A Ukrainian site has leaked personal details of journalists working in Donbass and put them under general suspicion of collaborating with separatists. The scandal points to official involvement, DW's Bernd Johann writes.
The Ukrainian website Mirotvorets (Peacemaker) has often attracted attention and caused scandal. Now the online forum has initiated a witch hunt for journalists who have coveredthe civil war
in theseparatist territories of eastern Ukraine.
Those include employees of Russian state media, as well as journalists from around the world. Most of those targeted, however, are Ukrainian journalists.
As a result of international protest, the Mirotvorets organization announced that it would shut the website down. The group has not shown a trace of remorse in its statements, and the scandal lingers. In a sweeping accusation, journalists in general were criticized for supposedly cooperating withseparatists in Donbass.
The website leaked the names of 4,000 journalists working in the region. The list includes the names of companies the reporters work for, phone numbers and email addresses. Most of the information is private rather than professional.
Not only has the privacy of these people been grossly violated, but all journalists have been put under suspicion because they have been accredited by separatist authorities. That is enough reason for the "peacemakers" and their followers to speak of "treason" and "collaboration." Worse still, many Ukrainians andpolitical figures in Kyiv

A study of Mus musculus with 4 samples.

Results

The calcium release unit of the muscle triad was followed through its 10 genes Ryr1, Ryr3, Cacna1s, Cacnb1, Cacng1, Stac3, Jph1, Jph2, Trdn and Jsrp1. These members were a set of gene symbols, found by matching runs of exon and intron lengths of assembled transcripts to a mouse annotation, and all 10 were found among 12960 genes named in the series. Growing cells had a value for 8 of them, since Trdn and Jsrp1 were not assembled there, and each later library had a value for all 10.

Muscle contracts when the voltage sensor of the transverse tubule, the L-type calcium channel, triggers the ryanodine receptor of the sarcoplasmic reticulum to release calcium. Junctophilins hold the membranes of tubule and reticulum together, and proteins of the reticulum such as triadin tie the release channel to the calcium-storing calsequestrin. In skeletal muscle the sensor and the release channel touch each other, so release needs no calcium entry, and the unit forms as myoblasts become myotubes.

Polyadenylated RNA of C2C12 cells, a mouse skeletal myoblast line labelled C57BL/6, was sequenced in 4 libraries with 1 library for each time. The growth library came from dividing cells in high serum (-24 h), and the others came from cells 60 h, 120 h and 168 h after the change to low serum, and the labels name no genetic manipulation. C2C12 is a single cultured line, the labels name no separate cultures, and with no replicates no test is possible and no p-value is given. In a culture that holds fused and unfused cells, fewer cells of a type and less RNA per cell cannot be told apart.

agree with them.
In Ukraine, media are increasingly viewed as an instrument for state interests. Many of the implicated journalists in Donbass, including Deutsche Welle reporters, must now endure coarse insults on social networks. Threats have been made. An anti-journalist campaign is underway.
Accreditation isn't 'collaboration'
The journalists were just doing their jobs: They were working on assignments for media companies and meeting the legitimate public demand for coverage of the conflict. Reporters must always go where the action is. Accreditation is an internationally recognized procedure - even when such documents are issued by organizations that are not politically recognized. For safety reasons, journalists have a set of standards and rules to adhere to.
Covering governments or governing bodies is not the same as collaborating with them; by accrediting the journalists, the separatists do not gain formal international recognition. But, without the journalists' work in Donbass, the world would know much less about what is going on, much less aboutRussia's massive military involvement
in Ukraine's civil war.
It is extremely cynical of the website to accuse thousands of journalists of cooperating with terrorists or to call them "enemies of the state."
Ukraine's general prosecutor is examining the case. Hopefully, the office will also ensure that those who published the journalists' personal information will be held legally accountable. They do not act as "peacemakers": They divide society, question the need for freedom of speech and put people's lives at stake.
The scandal goes all the way to Kyiv. Anton Herashenko, a member of parliament, supported the publication by bitterly reproaching the journalists. The politician and his connections to the dubious internet platform should also be examined by the judiciary. But he is also adviser to Ukrainian Interior Minister Arsen Avakov, who is not known as someone who appreciates press freedom. It is highly likely that inner government circles play a part in the scandal.
The reporters on the list have risked their lives in the Donbass war zone. Now they have been targeted on the internet and will ask themselves whether Ukraine's government is willing to guard their personal safety and protect the freedom of the press.